Losing Trick Count (LTC) in bridge
The Losing Trick Count (LTC) in bridge is a way of evaluating the strength of your hand when you have at least 8 trumps between you and your partner.
Step 1: Count your losers
Only the first three cards in any suit are potential losers.
♠AQ9864 With this spade suit we can ignore the 864.
3 card suits
Looking at just the first three cards in a suit then, an ace will never be a loser.
♠A76 = 2 losers.
A King in a three card suit is not a loser because when the Ace is played you can throw a small card, keeping the King.
♠K76 = 2 losers.
A Queen in a three card suit is not a loser either because even when the Ace and King are played your Queen is still there.
♠Q76 = 2 losers.
So assume each Ace, King or Queen in a 3 card suit is going to take a trick and count the other cards as losers.
♠AQ6 = 1 loser
♠KQ6 = 1 loser
♠AK7 = 1 loser
And remember that only the first three cards in any suit are counted as potential losers.
♠AQ6432 = 1 loser
♠KQ653 = 1 loser
♠AK75 = 1 loser
2 card suits
If you have a 2-card suit, you have 2 potential losers. A Queen will fall on the second round so it's counted as a loser.
♠A2 = 1 loser.
♠K2 = 1 loser.
♠Q2 - 2 losers.
1 card suits
Count a singleton as a loser unless it's the Ace.
♠K = 1 loser.
♠7 = 1 loser.
♠A = 0 losers.
Count your total losers
Count the losers in the following hand...
1 spade loser, 1 heart loser, 2 diamond losers and 1 club loser.
total = 5 losers.
Step 2: Assess partner's losers
Here's how to estimate partner's losers.Partner was the opener
- An average opening hand (12-15) = 7 losers
- A stronger opening hand (16-18) = 6 losers
- A maximum 1-level opening ( 19) = 5 losers
- A strong 2♣ opening (20 ) = 4 losers or fewer
- A raise to the 2-level = 9 losers
- A raise to the 3-level = 8 losers
- A raise to game = 7 losers
The stronger the hand, the fewer the losers and the lower your Losing Trick Count.
Step 3: Combine your losers
Add your losers to partner's losers and subtract the total from 24. The answer will tell you how many tricks your side can expect to make.
Losing trick count practice hand
Once North raises to 2♠, South can use the Losing Trick Count to determine how high to bid. Remember that it is only useful once you have found a fit. What should you do with this hand now?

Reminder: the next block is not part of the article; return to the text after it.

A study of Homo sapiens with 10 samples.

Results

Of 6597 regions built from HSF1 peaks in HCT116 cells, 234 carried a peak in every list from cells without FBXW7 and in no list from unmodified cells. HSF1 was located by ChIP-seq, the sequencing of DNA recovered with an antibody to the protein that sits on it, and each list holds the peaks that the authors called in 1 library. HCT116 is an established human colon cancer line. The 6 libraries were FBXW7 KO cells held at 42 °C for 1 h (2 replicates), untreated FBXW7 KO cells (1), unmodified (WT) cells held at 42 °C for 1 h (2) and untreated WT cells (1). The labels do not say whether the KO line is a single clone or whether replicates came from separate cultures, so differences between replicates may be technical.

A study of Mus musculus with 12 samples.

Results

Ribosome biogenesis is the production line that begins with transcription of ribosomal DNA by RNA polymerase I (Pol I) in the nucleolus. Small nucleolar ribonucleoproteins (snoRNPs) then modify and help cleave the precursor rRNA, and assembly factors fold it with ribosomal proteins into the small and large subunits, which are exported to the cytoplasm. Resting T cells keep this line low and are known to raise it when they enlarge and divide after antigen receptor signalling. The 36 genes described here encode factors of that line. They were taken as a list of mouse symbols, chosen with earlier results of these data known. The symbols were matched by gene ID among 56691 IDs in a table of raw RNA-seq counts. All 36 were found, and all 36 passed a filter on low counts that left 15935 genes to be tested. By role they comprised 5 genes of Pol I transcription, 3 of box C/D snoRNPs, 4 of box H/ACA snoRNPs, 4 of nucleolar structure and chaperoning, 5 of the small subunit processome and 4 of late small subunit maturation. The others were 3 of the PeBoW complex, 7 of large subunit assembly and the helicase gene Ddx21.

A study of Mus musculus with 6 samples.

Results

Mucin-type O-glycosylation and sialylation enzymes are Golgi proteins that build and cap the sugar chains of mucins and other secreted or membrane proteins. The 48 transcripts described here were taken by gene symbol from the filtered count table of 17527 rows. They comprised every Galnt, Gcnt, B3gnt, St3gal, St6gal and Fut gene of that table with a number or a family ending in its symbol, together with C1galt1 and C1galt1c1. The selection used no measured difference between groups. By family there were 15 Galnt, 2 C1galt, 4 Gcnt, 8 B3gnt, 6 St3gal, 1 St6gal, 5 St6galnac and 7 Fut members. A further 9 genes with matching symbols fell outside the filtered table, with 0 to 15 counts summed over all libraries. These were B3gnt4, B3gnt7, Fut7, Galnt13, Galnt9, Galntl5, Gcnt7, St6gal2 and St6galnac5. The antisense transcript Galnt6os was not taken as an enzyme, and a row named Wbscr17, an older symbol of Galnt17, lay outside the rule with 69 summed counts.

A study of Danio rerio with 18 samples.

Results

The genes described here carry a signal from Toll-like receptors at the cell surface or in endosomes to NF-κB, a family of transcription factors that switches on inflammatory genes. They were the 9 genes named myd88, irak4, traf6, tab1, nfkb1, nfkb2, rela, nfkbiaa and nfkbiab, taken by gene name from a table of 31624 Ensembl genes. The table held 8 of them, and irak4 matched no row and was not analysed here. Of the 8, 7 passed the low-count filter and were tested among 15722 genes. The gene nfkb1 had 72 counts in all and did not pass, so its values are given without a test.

Ace vs Queen adjustment
This small and not well known adjustment will considerably improve your LTC calculations.
A32 is obviously stronger than Q32. Add half a loser for each queen. Subtract half a loser for each ace. So, A32 is 1 and a half losers, and Q32 is 2 and a half losers.
South's hand isn't so good. Too many Queens!
Losing trick count vs. counting points
The Losing Trick Count in bridge is much more accurate than than counting high card points but only when you have a trump fit.
Losing trick count vs. rule of 20
The losing trick count isn't meant to be used for opening bids. If you're considering whether or not to open the bidding then the rule of 20 is the best method to use.
@graeme @tina for the adjustments mentioned near the end of this article do they only apply to suits with bare aces/queens? So Qxx is 2.5 losers but is KQx 1 loser or 1.5? What about shorter suits? Is Qx still just 2 losers or 2.5? Is AQ 1 loser or 0.5? Thanks
MY P at our local bridge club will be happy you are hoping me with LTC @Graeme. He's been after me to keep working on it. Great timing...thanks so much! And thanks for your question @Newtz2001 as Graeme's helpful answer is gold!
Thank you graeme, I appreciate your videos.
Thanks Graeme, this really helps get my head around it, now just have to put it into practice!
Hi, wondering if at all possible we could have some more practice hands for LTC. Need the practice.
I have played LTC for 50+ years. Like some you I also worried that LTC gave 1 loser for say both of Ax and Kx. I wrote to Ron Klinger about 30 years ago to discuss the concept of 1/2 losers and got no positive response.(although since that I have noted that Ron's one allowance of a half loser is Q x x). Since that I have written my own book on Light openers using LTC, using
A Q = 0.5 loser
A Q x =1.5 losers
K x = 1.5 losers
K Q x = 1.5 losers
Q J x = 2 losers
Q x x = 2.5 losers
A J 10 = 1.5 losers
You'd be surprised how often, adding the halves, you arrive at say 6 not 5 losers in your hand. The outcome of LTC arithmetic using these assumptions is astounding accurate.